PRAGUE, Czech Republic (A.W.)— The Chamber of Deputies of the Parliament of the Czech Republic—the lower house of the Czech Parliament—unanimously approved a resolution on April 25, condemning the Armenian Genocide as well as the genocide other religious and national minorities in the Ottoman Empire during WWI.
The resolution was proposed by Parliamentarian Robin Bönisch who is a member of the Social Democrat Party (CSSD) and the Head of the Czech-Armenian Friendship Group. “I think it was the Czech Republic’s debt to formally recognize the genocide. And because yesterday it was the 102nd anniversary of the Armenian genocide, I think it was very symbolic to recognize the genocide of the Armenians today,” Bönisch said, according to a Public Radio of Armenia report.
The resolution, which passed unanimously (104/0) partly states:
“The Chamber of Deputies of the Parliament of the Czech Republic condemns the crimes against humanity committed against the Jews, Roma and Slavs in the territories conquered by the Nazis during the Second World War; condemns the Armenian Genocide and genocides of other ethnic and religious minorities which took place within the boundaries of the Ottoman Empire during the First World War, as well as genocidal acts committed in other parts of the globe, and calls on the international community to effectively halt human and civilian rights violations in the world as well as resolve disputes through peaceful means…”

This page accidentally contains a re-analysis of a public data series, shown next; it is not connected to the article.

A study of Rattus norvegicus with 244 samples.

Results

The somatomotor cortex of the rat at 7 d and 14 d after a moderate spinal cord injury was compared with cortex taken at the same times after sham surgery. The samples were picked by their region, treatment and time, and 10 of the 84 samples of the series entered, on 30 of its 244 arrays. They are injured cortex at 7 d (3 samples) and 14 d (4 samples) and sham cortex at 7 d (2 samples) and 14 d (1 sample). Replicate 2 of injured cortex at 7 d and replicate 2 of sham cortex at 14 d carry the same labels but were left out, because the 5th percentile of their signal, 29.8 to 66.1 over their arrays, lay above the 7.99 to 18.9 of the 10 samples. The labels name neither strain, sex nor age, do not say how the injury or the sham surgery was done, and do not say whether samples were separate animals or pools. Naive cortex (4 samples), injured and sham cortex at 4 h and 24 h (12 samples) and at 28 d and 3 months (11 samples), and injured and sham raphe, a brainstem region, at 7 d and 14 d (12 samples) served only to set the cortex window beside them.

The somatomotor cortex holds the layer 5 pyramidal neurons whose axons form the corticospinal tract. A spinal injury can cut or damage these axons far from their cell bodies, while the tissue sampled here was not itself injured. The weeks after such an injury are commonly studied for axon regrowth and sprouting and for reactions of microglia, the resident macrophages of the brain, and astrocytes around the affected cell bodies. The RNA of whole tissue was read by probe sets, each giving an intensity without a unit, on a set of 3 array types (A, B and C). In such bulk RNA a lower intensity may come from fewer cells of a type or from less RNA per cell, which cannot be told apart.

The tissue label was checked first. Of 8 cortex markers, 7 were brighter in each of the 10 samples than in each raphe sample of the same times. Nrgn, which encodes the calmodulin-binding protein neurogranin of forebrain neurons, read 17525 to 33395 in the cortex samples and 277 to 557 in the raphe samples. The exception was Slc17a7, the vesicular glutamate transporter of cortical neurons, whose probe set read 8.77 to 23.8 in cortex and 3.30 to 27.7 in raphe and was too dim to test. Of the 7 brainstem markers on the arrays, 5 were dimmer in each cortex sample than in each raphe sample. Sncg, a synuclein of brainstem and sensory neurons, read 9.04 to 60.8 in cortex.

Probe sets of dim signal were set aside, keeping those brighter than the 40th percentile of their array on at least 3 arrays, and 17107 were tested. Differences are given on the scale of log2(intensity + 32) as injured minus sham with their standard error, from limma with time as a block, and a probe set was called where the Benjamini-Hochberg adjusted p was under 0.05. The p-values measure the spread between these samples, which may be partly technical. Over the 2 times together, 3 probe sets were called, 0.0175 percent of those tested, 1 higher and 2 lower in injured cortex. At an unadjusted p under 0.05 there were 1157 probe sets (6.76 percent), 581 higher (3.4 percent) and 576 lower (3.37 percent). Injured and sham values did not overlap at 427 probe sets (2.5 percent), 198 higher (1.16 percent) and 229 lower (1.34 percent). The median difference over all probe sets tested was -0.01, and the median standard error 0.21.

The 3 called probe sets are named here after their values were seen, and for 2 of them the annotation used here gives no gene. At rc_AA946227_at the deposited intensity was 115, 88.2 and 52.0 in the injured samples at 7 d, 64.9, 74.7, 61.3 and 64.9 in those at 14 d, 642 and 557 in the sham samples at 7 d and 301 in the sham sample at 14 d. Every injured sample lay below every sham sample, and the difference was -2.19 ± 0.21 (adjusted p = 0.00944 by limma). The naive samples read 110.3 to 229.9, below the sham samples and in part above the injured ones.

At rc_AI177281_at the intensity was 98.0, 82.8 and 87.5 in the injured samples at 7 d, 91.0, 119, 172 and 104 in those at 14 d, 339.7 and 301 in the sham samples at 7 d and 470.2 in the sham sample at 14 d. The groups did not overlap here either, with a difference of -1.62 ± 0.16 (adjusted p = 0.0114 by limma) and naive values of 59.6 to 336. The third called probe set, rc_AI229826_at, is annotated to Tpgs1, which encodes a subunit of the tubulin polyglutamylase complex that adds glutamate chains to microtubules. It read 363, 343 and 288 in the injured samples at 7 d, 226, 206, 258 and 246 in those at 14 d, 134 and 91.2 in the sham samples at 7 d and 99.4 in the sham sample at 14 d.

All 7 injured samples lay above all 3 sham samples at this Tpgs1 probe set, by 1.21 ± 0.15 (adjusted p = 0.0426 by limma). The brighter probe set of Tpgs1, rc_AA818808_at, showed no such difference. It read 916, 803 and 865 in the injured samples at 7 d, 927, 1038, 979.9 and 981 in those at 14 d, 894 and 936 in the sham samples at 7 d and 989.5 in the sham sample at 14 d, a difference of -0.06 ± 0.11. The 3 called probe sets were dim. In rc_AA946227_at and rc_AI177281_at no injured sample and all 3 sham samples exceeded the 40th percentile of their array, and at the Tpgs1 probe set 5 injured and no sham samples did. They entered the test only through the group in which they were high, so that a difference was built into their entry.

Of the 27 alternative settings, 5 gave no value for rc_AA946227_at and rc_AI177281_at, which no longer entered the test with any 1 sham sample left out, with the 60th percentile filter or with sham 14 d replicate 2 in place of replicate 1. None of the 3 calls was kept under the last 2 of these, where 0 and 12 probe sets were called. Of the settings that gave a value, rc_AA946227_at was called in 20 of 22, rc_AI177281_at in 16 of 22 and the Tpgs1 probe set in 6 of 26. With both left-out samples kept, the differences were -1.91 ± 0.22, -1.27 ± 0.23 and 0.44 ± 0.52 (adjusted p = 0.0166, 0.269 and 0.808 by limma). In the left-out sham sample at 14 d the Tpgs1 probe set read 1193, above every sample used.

“In reality, this is the first time that members of the Chamber of Deputies have used the word genocide,” European Armenian Federation for Justice and Democracy (EAFJD/Armenian National Committee of Europe) Communications Director Bedo Demirjian told the Armenian Weekly. “Now, the resolution has to pass the upper house and then be confirmed by the President,” added Demirjian.
According to Demirjian, Czech president Milos Zeman has always been a strong advocate for Armenian Genicide recognition. On the occasion of the 102nd anniversary of the genocide, Zeman sent a letter to Archimandrite Barsegh Pilavchian, the spiritual leader of the Armenian community in the Czech Republic.
“I agree that history is not meant to be interpreted by politicians. At the same time, however, I believe that the events that cost 1.5 million innocent people represent a tragic chapter in the history of not only the Armenian nation but also of the entire civilized world,” read a part of the letter, according to Public Radio of Armenia.
Two years earlier, on April 14, 2015, the Committee on Foreign Affairs of the Chamber of Deputies of the Czech Parliament unanimously passed a resolution on the occasion of the Armenian Genocide Centennial.